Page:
U.S. Supreme Court May Hear Hospice False Claims Case

The U.S. Supreme Court is mulling whether it will hear arguments in a False Claims Act (FCA) case involving the hospice provider Care Alternatives. FCA actions pertaining to hospices most commonly focus on questions of a patient’s eligibility for those services.

A 2019 report from the law firm of Bass, Barry, and Sims indicated that a leading cause of fraud cases involves allegations of hospices billing Medicare for services for which patients were not eligible. This resulted in several multi-million dollar settlements during 2018, with amounts ranging from $1.24 million to $8.5 million.

Hospice advocacy groups have filed an amicus brief in the case supporting Care Alternatives, including the National Hospice and Palliative Care Organization (NHPCO), along with National Association for Home Care & Hospice, American Health Care Association, American Academy of Hospice and Palliative Medicine, and American Medical Association.


In the case, United States ex rel. Druding v. Care Alternatives, the Third Circuit Court of Appeals ruled that when a reasonable difference of opinion occurs between physicians concerning a hospice patient’s prognosis, it can be resolved by a jury.

The appellate court’s finding conflicts with a precedent decided earlier this year, United States v. Aseracare, Inc. In that case, the 11th Circuit Court of Appeals in September agreed with the Northern District of Alabama that a difference of physician’s opinions on a terminal patient’s prognosis does not indicate falsity under the FCA.

Following the conclusion of that case, home health and hospice provider Amedisys (NASDAQ: AMED) acquired AseraCare for $235 million.

Hospice organizations nationwide are under increasing legal and regulatory scrutiny related to medical necessity complaints under the False Claims Act. While fraud does occur in some instances, some feel that the prevalence of these cases could adversely impact patients’ access to hospice.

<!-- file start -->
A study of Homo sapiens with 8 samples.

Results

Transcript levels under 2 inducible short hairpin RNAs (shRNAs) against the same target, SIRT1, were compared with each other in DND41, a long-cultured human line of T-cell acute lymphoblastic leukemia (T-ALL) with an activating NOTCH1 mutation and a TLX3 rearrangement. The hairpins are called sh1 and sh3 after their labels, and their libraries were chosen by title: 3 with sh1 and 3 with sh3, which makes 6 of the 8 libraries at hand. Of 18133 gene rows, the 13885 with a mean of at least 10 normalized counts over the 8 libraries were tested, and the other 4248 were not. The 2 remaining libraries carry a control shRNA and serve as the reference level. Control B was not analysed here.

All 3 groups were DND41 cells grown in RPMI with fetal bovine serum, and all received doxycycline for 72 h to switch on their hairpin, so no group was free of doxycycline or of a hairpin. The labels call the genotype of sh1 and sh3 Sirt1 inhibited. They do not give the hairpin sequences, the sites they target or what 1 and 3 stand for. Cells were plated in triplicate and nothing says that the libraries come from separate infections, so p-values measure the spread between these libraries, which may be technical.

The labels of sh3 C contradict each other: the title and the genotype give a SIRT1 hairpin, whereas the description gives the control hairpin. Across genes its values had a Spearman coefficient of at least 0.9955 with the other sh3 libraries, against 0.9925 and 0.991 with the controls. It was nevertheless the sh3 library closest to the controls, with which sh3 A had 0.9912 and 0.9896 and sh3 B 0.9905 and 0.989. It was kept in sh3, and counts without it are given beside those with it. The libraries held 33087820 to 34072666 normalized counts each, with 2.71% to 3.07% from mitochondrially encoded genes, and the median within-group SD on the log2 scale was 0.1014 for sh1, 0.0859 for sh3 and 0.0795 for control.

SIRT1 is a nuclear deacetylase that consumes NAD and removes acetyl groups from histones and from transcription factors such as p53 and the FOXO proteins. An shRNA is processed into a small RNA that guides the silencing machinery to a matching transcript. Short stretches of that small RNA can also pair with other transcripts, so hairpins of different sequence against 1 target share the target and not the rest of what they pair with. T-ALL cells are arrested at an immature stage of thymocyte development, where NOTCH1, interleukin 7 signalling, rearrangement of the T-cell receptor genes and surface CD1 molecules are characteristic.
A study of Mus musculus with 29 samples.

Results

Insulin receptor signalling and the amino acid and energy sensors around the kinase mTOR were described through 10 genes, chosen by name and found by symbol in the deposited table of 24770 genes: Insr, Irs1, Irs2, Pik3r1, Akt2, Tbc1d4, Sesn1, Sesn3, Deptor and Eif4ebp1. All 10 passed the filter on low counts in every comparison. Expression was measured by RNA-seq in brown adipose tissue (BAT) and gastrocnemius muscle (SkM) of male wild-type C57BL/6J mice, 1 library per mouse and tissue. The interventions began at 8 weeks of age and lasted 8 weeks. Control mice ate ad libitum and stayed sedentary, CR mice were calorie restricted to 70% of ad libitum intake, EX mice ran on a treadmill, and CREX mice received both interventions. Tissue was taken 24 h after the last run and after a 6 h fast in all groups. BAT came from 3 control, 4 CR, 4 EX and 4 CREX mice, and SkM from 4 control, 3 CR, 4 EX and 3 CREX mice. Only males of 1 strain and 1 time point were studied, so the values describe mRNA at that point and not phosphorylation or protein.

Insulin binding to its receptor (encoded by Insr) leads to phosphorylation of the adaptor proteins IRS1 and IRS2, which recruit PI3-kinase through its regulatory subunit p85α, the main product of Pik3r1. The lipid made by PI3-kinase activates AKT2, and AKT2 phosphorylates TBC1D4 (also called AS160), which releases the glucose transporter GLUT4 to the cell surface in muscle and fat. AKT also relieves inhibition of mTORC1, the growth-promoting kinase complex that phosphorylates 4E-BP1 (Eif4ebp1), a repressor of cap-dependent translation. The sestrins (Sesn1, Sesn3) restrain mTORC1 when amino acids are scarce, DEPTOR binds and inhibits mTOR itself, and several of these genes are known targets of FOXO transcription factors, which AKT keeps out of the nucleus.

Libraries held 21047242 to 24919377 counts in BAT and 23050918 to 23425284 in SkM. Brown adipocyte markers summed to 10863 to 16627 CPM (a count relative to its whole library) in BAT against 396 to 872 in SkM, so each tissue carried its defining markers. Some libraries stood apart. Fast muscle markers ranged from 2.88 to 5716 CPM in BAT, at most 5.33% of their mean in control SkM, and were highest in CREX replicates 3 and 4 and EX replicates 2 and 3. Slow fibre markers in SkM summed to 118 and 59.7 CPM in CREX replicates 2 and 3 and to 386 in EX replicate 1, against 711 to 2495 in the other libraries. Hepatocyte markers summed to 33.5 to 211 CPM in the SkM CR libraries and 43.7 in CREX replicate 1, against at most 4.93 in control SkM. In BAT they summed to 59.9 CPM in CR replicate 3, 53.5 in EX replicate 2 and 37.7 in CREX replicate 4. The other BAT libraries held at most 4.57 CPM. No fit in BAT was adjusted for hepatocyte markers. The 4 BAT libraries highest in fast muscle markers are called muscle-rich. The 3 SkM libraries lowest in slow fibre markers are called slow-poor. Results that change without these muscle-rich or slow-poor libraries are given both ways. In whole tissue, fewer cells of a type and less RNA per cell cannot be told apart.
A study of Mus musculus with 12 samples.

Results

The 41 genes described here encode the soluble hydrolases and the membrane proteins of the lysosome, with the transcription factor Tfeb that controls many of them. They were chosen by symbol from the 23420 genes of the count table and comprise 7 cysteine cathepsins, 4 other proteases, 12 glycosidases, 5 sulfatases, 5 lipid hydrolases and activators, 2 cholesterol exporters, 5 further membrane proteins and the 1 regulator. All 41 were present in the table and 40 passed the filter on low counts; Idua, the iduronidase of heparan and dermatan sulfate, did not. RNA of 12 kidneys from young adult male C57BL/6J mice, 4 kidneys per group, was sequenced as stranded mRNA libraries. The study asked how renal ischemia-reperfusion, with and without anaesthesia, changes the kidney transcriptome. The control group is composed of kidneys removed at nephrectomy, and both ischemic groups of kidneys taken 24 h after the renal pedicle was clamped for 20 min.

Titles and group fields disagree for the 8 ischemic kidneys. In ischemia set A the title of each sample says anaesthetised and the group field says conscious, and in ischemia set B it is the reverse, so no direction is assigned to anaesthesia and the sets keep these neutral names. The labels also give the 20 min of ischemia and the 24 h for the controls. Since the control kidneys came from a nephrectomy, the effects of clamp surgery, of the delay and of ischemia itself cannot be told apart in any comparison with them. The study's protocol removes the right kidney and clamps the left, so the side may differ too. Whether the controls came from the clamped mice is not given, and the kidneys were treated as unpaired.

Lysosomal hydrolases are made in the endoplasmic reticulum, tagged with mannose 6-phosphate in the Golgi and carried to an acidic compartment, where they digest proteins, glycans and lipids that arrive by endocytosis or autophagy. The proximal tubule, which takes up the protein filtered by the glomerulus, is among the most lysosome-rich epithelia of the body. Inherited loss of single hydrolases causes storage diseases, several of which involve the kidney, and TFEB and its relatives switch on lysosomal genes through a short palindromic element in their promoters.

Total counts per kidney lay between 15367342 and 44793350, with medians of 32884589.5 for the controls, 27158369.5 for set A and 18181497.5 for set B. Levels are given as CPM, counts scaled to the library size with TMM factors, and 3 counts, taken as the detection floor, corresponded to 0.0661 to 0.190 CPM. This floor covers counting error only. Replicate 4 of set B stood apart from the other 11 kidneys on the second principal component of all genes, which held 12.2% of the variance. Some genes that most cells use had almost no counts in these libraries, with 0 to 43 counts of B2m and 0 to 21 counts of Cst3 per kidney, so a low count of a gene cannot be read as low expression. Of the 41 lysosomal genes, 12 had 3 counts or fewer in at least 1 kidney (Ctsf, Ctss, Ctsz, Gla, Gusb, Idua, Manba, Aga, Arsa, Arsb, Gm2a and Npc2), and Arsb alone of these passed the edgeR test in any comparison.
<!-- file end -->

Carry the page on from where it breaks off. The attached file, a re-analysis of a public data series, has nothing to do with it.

“To allow false claim act liability in a situation where you have reasonable physicians who differ on opinions of treatment or prognosis will undoubtedly send a chilling message to physicians and hospice care organization. Physicians need to be free to exercise their reasonable judgment, even if such a judgment is ultimately wrong, and sometimes 20-20 hindsight may prove it was wrong,” said Nick Jurkowitz, partner at California-based Fenton Law Group. “A ruling such as what occurred in the Court of Appeals in the case, would likely send the message to physicians that your reasonable judgment is no longer sufficient. Now, you must make sure that no other physician would disagree with you. This could unfortunately cause a physician to take a much more conservative approach to hospice care, which could have a detrimental effect on what is best for the patients.”

The amicus brief filed by industry groups calls for the Supreme Court to review the case. Generally speaking, these filings can have an impact on the outcome of legal proceedings.

“Amicus briefs, which are briefs filed by non-parties to an appeal, are important additions to the legal briefing that can be critical to the outcome of the court’s decision. In addition to raising arguments and legal theories sometimes not addressed by the actual parties, Amicus briefs also allow the court to analyze real world ramifications of the decision, as many amicus briefs are written by organizations that will be directly impacted by the court’s decision,” Jurkowitz told Hospice News. “Since the Supreme Court only agrees to hear a very small fraction of the cases that seek review before it, amicus briefs, can also persuade the Supreme Court that a case is significant enough to warrant its attention.”